The time just after my mother passed away is one that I revisit from time to time. Allowing myself to move through those moments and memories has allowed me to move through the pain, and be able to look back with a heavy, but happier heart. It’s strange to me how life has been so irrevocably altered by a choice that I didn’t make. Major milestones in my life that should be markers of passing time are less keenly felt than those moments before she died, and after.
I remember, in the days after she died, the book Motherless Daughters was my lifeboat in a sea of grief that threatened to drag me under. I was so very scared about what life would hold for me now that the one person who knew me best was gone. In those first few months after I committed that book to memory and took it to heart, knowing that her words were true. I would never be the same. I so didn’t want to wear the title of Motherless Daughter.
My pain, and journey, was mirrored in the pages of that book even though I didn’t lose my mother to some disease that she “so valiantly battled”. It wasn’t cancer that took her, or a tragic accident, it was her own hand. Mental illness ate at my mother from the inside out, changing her, aging her, dragging her six feet under. It whispered lies in her ears, and it poisoned her relationships with herself, and others, until near the end it was only a sense of duty that kept some of us coming back.
There are many days that I wish I could pick up the phone and talk to my mother, but at the same time I know that I would leave those conversations feeling less whole. Talking to her always turned into a therapy session where she blamed all of the lack in her life on everyone, but the one person whose fault it was. I learned to guard my emotions lest she use them against me, and I learned to placate her in any way I could to keep her from shredding what little sense of self I had regained in between calls.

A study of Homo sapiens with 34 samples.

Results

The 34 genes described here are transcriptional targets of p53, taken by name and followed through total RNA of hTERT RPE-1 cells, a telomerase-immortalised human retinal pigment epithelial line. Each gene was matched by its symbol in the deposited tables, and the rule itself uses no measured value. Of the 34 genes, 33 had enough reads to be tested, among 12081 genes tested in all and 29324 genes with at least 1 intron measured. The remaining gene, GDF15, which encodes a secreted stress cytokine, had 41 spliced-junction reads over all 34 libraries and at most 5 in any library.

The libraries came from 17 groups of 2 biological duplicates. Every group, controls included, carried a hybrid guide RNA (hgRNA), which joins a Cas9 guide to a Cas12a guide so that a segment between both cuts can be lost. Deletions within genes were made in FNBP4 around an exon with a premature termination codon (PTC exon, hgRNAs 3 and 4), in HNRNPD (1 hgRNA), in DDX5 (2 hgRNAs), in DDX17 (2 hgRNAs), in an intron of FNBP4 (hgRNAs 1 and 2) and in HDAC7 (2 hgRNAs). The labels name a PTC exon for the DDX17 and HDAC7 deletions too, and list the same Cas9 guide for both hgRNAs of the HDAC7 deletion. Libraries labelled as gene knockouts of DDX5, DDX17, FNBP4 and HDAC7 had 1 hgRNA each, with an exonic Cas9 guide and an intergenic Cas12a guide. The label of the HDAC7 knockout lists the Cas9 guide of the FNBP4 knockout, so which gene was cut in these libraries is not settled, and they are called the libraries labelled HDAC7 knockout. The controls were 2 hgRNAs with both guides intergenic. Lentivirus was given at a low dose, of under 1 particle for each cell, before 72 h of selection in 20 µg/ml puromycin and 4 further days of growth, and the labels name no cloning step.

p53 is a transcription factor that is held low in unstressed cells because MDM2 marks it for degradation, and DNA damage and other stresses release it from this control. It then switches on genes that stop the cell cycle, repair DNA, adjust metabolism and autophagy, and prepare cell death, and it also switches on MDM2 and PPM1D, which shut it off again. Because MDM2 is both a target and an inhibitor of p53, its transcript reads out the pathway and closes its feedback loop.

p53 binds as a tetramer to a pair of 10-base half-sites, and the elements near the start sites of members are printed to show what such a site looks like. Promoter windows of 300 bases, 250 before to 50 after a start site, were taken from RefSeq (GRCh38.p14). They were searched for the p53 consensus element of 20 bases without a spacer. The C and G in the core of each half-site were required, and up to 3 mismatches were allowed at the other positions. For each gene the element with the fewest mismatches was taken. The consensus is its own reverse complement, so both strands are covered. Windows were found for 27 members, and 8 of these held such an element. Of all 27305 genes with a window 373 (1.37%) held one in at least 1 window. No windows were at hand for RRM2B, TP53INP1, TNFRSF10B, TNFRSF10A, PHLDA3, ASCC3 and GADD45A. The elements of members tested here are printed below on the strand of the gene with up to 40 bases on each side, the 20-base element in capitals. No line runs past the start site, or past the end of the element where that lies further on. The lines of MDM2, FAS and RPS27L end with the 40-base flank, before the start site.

I often feel guilty that my kids will never know what it is to have a wonderful grandmother. I was so very lucky to have my wonderful Grandmothers. I occasionally imagine an alternate reality where my mom was never ill, and where she takes the kids for the weekend, and they have movie nights, and late night gab sessions about everything under the sun. I know, that had she not died, this would not be my reality. Her illness would have likely left going to grandma’s house an uncomfortable experience at best, and one that would only have happened on very special occasions.
My grief is a guilty grief. I yearn for things that would never have been. I feel guilty for grieving most days. I feel guilty for being relieved that I don’t have to deal with my mom’s illness anymore. I feel guilty that I didn’t do more to keep her here. I feel guilty for feeling guilty.
I don’t know if there will every come a time when I will come to a place of peace surrounding her passing. It’s been more than 20 years. The closer I get to the age she was when she passed the more I seem to feel her absence and can’t help but wonder if I’m destined for the same fate. Will I die young? Will some accident continue the cycle of loss in our family? Will fate decide that I’ve had enough time?
I walk this path that my mother laid before me as best as I can, and make my way through my days as best as I can. I smile, I laugh, and when I need to, I cry. And that’s OK.